It’s no secret that Governments everywhere are concerned about the number of people that actively contribute to their pension. Too few do and with longer and longer life expectancy predicted, this poses a major dilemma for what Governments are to do, especially if they want to avoid a massive number of folks with inadequate financial resources in old age.
Unless you are a Bill Gates or a Warren Buffet, you are one illness away from Bankruptcy.
Across the US, bankruptcies due to medical bills increased by nearly 50 percent in a six-year period, from 46 percent in 2001 to 62 percent in 2007, and most of those who filed for bankruptcy were middle-class, well-educated homeowners. (Source: The American Journal of Medicine.)
Obesity levels and diabetes are on the rise here in Ireland, both of which can be major causes of serious illness, including heart attack, stroke and cancer.
In the world of personal financial planning, the central focus too often is just on the money side of the equation. While this is the right approach generally, it often also misses a beat, especially when it comes to a truly holistic approach.
The better approach
There are five essential ingredients to thorough and complete personal financial plan. Those are:
1. Establishing one’s relationship with money. Is it a caring one or an abusive one? For some, money is a means of a better financial future while for others, it is a short-lived display of personal wealth. The former is good, the latter is self-defeating.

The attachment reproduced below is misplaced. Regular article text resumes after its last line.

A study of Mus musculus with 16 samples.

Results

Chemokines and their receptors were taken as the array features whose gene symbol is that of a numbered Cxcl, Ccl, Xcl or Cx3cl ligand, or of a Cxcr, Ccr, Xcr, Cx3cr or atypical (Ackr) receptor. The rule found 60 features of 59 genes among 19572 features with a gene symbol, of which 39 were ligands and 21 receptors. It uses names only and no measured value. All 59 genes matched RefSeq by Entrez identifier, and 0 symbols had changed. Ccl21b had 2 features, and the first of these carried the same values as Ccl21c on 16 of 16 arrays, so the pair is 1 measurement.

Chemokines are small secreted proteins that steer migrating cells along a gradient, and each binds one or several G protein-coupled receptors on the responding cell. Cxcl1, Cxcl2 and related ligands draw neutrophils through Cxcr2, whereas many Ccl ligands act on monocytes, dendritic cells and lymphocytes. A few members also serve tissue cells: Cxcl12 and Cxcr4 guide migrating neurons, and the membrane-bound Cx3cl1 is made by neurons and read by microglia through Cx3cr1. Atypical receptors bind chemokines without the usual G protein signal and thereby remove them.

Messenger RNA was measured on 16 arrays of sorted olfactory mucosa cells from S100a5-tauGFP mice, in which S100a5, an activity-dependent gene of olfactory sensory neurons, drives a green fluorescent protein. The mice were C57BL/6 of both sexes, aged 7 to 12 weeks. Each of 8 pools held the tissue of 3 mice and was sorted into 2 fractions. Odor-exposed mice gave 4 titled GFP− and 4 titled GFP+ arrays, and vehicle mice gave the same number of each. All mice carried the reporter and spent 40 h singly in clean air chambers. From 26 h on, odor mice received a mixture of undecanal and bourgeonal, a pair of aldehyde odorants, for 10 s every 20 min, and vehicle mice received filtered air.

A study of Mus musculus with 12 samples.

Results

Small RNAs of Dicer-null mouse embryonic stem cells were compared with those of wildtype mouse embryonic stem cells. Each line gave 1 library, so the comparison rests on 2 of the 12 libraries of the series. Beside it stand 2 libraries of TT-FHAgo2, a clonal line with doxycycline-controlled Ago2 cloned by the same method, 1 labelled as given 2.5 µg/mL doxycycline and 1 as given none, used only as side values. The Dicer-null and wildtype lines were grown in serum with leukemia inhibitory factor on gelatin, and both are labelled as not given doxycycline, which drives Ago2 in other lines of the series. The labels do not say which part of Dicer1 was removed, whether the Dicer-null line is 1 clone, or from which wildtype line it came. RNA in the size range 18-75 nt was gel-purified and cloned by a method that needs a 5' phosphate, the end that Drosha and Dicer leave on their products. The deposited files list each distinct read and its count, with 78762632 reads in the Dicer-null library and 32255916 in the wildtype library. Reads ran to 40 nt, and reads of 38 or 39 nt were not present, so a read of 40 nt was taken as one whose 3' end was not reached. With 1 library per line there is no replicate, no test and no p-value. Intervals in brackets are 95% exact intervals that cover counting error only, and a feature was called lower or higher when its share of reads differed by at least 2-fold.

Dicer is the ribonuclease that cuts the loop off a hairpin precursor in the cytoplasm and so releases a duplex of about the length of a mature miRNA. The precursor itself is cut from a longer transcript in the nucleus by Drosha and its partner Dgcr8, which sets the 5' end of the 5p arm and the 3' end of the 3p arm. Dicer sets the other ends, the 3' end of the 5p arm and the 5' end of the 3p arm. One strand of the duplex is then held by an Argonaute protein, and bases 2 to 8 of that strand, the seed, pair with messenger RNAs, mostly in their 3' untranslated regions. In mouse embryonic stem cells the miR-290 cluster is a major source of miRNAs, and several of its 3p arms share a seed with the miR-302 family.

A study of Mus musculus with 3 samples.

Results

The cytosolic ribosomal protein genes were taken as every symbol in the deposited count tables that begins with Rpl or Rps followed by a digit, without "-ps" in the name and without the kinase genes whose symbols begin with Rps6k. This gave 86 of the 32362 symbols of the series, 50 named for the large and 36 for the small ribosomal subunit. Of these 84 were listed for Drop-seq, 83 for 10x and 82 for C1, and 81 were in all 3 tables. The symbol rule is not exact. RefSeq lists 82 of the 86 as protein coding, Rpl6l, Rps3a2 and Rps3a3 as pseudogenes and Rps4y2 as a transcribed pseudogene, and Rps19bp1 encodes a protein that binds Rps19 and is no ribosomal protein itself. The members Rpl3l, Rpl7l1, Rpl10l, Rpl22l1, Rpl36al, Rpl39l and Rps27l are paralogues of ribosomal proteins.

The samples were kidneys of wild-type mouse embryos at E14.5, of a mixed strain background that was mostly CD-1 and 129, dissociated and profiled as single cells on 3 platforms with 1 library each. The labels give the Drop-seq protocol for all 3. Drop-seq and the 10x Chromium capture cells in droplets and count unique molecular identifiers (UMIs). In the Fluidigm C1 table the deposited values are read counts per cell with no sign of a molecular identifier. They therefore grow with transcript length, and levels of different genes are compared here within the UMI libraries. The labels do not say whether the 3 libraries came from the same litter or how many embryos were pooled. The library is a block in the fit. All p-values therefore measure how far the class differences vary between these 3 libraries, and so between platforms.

2. Adequate planning. Setting goals is not going to produce results without adequate planning to reach those goals.
3. Better money knowledge. This is key. Money knowledge is all about knowing the detail of what one actually pays for, this includes the type of health insurance policy they own to the energy efficiency of their home. A few years ago, the author met a corporate executive that hadn’t realised they owned a critical illness policy yet never claimed on it after they suffered a serious illness.
4. A little but of luck. Unfortunately luck does play a key role but with bad luck can be mitigated against with 1, 2, and 3. This would mean having a good rainy day fund built up for that period of poor luck.
5. Health. This is key for long-term financial well-being. While health insurance (public and private) will cover a high level of costs and medical expenses, they do not cover all. Besides, modest levels of daily and weekly exercise are excellent ways to reduce stress and weight, which have a big impact on reducing diabetes and heart disease.
If we are to enjoy post retirement, we all need to take a greater level of care that our health does not become a financial nightmare.
Frank Conway is a Qualified Financial Adviser and founder of MoneyWhizz.org, the financial literacy initiative.